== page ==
Runway redo: Personalize peasant style at a fraction of the cost.
I'm inspired. I am. To sew? Mmmm . . . perhaps not. But to think about sewing, to dream about sewing, yes. Definitely.
Did you read Gertie's post about the peasant look? I did. It's a look I'm conflicted about. Truly. I love the look on those 30 and under. But if one is older, I think caution is in order. I do. Not that it cannot be worn. It can. Indeed. It is, after all, a timeless look. Comfortable to wear. And as easy to throw on as an old worn-out Tee.
So, dearest readers, I went to The Blue Gardenia pattern inventory. Rooted around a bit. (I love looking at patterns! I do. I do. I do.) And I pulled out a few peasant looks. (OK. A lot. And there are even more on The Blue Gardenia website.) Even a couple of styles that look like garb for Park Avenue peasants.
Simplicity 1621 duplicates the shorts on the D&G runway. (Or should I say D&G duplicated the Simplicity, since it is from 1945? D&G also showed a peasant bare-midriff blouse as well, and it' s the spitting image of Simplicity 1621. I love the fabrics D&G chose. The giant checks. The bright floral prints. The skirt fabric, which looks as if it's burlap. Yummy. So very. This line offers the best peasant retread so far this year. In, of course, my ever-so-humble opinion. (Are those espadrille boots, by the way? Keen. Absolutely.)
This version, Vogue 8356, copyright 1954, is ready for the runway. So very. So beautiful. So unique.
Another high-style interpretation: Vogue 8470. Also from 1954. Apparently a very rich year to steal style from peasants.
This is my favorite peasant blouse. View B. And worn off the shoulder. Of course. Vogue 5760, copyright 1949.
Another beautiful 1940s design is McCall 1137, Mexican style. You can embroider. You can. That's one of those so-called feminine arts I can do. So. If I can, you can. Trust me.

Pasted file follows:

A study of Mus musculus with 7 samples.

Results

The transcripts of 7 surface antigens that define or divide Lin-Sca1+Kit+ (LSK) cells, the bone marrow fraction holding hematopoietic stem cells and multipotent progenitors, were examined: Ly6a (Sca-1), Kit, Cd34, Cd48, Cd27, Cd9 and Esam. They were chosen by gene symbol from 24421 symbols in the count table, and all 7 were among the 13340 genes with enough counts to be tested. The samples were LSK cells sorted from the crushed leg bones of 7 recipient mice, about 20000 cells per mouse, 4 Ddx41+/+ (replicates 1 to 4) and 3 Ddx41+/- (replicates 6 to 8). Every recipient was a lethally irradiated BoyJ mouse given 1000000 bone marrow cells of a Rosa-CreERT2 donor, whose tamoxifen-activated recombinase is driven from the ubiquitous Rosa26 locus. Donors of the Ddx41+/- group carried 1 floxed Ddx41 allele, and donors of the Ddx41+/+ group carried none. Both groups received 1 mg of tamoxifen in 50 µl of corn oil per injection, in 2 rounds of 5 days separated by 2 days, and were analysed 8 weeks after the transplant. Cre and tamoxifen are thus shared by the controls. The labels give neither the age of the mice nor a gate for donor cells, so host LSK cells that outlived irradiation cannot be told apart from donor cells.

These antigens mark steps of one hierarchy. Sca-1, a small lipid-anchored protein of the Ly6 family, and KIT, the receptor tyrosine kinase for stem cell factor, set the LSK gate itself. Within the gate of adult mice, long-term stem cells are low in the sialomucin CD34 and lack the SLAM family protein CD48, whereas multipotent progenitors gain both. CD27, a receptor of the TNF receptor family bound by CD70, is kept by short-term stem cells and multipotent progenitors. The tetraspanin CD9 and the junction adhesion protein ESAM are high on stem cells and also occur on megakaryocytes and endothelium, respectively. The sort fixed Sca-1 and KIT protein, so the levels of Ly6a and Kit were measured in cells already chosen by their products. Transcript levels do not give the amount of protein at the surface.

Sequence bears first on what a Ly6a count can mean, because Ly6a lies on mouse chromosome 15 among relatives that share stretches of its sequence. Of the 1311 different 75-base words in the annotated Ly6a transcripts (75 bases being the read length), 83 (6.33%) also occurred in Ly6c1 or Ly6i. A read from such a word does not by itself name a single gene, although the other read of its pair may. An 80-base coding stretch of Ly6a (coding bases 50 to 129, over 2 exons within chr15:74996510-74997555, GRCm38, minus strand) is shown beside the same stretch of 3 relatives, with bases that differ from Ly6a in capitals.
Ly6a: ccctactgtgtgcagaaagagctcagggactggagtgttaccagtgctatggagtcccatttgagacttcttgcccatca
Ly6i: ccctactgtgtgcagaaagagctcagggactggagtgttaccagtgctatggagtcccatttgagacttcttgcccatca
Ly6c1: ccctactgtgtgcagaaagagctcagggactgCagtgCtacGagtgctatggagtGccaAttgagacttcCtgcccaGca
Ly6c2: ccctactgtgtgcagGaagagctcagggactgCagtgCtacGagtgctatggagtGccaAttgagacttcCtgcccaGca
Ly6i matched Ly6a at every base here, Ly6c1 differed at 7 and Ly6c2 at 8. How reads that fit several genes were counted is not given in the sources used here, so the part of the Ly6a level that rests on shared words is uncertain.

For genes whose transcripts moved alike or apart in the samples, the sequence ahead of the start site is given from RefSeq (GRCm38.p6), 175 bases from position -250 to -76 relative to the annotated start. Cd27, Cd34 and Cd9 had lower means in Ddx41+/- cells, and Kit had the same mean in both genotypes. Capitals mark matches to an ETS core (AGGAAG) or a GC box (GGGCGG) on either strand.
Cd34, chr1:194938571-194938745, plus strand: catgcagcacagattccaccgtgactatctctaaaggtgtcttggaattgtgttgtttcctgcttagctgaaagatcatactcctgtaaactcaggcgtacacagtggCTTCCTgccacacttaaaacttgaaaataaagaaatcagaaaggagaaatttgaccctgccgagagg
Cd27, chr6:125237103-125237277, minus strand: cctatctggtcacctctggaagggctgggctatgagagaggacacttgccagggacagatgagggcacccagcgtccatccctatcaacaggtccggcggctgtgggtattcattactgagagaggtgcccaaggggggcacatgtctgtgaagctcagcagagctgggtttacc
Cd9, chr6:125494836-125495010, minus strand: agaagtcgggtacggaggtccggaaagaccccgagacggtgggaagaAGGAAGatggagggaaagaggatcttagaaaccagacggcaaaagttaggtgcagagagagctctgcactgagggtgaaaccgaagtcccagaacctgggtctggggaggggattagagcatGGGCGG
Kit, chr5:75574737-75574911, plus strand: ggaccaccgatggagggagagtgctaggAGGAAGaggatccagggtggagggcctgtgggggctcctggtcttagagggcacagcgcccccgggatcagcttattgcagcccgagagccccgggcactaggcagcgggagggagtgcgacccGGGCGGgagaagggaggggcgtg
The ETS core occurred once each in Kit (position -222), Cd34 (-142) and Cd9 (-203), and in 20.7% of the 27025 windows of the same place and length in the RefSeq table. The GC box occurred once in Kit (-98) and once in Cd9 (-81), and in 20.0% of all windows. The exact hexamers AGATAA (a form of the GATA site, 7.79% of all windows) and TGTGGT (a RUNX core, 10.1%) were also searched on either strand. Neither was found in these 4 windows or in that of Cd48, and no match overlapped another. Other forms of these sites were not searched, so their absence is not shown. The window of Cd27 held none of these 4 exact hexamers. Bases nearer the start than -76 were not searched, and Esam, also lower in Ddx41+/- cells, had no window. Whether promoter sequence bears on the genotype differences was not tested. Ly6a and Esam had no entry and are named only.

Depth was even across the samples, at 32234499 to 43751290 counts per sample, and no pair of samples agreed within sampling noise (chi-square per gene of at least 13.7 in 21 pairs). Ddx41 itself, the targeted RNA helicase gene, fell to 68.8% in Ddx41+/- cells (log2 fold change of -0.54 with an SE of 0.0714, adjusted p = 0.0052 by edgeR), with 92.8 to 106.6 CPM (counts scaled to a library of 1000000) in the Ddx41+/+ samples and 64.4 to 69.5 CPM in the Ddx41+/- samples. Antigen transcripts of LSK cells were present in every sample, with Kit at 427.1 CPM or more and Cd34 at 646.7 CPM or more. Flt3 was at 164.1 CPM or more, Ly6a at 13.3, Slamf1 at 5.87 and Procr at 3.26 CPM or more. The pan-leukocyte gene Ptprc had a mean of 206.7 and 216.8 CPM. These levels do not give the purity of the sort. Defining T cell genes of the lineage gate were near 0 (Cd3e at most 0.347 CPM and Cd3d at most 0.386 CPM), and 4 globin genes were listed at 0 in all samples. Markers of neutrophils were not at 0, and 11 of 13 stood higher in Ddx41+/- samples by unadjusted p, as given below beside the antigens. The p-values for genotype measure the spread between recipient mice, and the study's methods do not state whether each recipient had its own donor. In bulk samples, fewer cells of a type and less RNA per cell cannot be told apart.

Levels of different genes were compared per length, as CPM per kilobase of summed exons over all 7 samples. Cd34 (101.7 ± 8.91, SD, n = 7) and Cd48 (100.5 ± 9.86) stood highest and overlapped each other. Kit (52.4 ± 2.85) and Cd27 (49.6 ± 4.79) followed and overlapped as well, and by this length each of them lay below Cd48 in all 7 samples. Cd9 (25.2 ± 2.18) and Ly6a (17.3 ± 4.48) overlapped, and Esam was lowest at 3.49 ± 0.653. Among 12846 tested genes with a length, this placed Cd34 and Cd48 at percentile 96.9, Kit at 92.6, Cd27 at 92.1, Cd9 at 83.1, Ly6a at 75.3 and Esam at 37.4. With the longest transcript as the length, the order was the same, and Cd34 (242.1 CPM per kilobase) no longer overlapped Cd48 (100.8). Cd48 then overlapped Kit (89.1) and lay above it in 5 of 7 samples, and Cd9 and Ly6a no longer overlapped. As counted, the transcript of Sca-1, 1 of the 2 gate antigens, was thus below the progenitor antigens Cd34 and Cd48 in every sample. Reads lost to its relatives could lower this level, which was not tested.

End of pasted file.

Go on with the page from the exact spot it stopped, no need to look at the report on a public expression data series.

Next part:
And I like McCall 1386 even more. Isn't the smocking special? I think so.
How about a peasant playsuit, Butterick 2926? Circa 1940s. This screams summer picnic. Imagine the fried chicken. The potato salad. The strawberries. The brownies. And you'll look as tasty as the food in this little morsel.
Proving the popularity of the peasant style in the 1940s: Simplicity 2034. It's vintage 1947. My favorite today is View 3. But I once had View 2 in an island-style print. Oh, the ruffles.
Just learning to sew? Then Simplicity 8015, copyright 1968, is for you. I had this pattern made in the 1980s. Complete with rickrack. I'm sure I was an absolute overload of cutitude.
This YSL peasant blouse is gorgeous. And, I think, age-appropriate for the mature woman. You can find it here for $350. I love this one. So much. Great color. Fabulous shape.
If you like the YSL Rive Gauche version but balk at the irony of spending $350 for a peasant blouse, then may I suggest Simplicity 5749, copyright 1973? It's a near mirror image, right down to the puff and length of the sleeves and the rich boho look. And you get a nifty skirt pattern as well. How's that for recessionista chic?
Fendi's version, 2011. It's so summery. I love it. I do. You can easily channel this look with Vogue American Designer 2983. It's from Jerry Silverman. And it's very easy. And very Vogue. Of course.
So. There ya go. Peasant style through the ages. Exciting, no?
And you'll find all these patterns ? and even more peasant styles ? at The Blue Gardenia, where the patterns are counted, the jewelry is sparkling, and domestic shipping is free. (And we happily ship abroad as well, for less than the USPS charges us. Is that neat or what?)
If you want to know more about this year's peasant trend, may I suggest checking out The Sche Report? You'll find an informative post. Very. Pics included.